Sudan and the United Nations have signed an agreement to facilitate the travel of humanitarian workers into the war-torn Darfur region. Aid workers had complained they had to undergo lengthy procedures to obtain visas and permits to work in Darfur. Noel King is in Khartoum and has this report for VOA.
Sudan's acting foreign minister Ali Karti and U.N. humanitarian coordinator Manuel Aranda da Silva signed the agreement this week, which promises to "fast track" visa procedures and travel permits for international aid workers.
In the past, foreign aid workers complained that bureaucratic procedures brought aid access to a standstill.
Some aid workers were stranded in the Sudanese capital Khartoum for months before being granted travel permits.
Foreign Ministry spokesman Ali Al-Sadiq told VOA that the agreement was formed with the input of humanitarian workers.
"It has never been the intention of the government to block humanitarian activities. Based on this communiqué, all the concerns of the U.N. agencies and NGOs are going to be addressed," he said. "I do not think we are going to hear so many complaints."
A committee comprised of representatives from Sudan, the United Nations and local and international non-governmental organizations will ensure that the agreement is properly implemented.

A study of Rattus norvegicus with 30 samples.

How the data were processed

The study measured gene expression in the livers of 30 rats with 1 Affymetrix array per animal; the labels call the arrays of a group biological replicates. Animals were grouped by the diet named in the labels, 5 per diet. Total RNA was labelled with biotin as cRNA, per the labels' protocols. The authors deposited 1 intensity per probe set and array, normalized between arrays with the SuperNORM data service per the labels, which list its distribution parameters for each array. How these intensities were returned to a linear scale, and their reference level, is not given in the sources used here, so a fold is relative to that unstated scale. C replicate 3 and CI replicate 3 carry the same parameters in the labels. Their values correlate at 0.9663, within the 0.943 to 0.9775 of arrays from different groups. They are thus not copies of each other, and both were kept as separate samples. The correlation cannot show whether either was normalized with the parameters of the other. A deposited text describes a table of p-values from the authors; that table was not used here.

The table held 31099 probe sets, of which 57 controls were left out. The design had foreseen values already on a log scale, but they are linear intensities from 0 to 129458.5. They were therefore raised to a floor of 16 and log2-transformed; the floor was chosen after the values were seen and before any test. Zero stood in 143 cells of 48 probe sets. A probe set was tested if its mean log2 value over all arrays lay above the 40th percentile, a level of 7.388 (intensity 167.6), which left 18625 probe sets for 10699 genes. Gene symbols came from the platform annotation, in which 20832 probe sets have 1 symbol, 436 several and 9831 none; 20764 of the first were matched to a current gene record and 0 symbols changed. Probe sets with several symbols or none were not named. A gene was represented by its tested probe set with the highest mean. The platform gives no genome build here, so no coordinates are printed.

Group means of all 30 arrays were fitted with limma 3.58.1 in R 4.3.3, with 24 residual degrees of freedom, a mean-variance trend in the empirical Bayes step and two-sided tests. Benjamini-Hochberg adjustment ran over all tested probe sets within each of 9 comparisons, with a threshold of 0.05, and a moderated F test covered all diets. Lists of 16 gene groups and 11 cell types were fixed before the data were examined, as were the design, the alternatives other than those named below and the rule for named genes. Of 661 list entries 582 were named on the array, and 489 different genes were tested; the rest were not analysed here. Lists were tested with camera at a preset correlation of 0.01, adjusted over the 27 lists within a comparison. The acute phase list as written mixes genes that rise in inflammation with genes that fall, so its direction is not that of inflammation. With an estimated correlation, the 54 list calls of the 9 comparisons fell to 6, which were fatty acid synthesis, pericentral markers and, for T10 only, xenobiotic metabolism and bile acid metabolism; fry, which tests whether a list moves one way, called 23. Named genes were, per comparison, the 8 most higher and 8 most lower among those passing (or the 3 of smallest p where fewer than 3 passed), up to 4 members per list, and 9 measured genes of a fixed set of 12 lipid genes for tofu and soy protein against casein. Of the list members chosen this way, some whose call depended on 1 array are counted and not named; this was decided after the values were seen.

A massive humanitarian effort is sustaining four million people in Darfur and eastern Chad.
Around 13,000 humanitarian workers are in the region, where experts estimate 200,000 people have died during the course of the conflict.
Late last year a series of violent attacks on humanitarian residences by unknown assailants caused a large-scale withdrawal of aid workers across the region.
Sudan has come under intense pressure to allow the United Nations to send peacekeepers into Darfur.
At the Arab Summit in the Saudi Arabian capital of Riyadh, on Wednesday Sudanese President Omer Al Bashir again said Sudan will only allow the United Nations to provide logistical and financial support to the struggling African Union mission.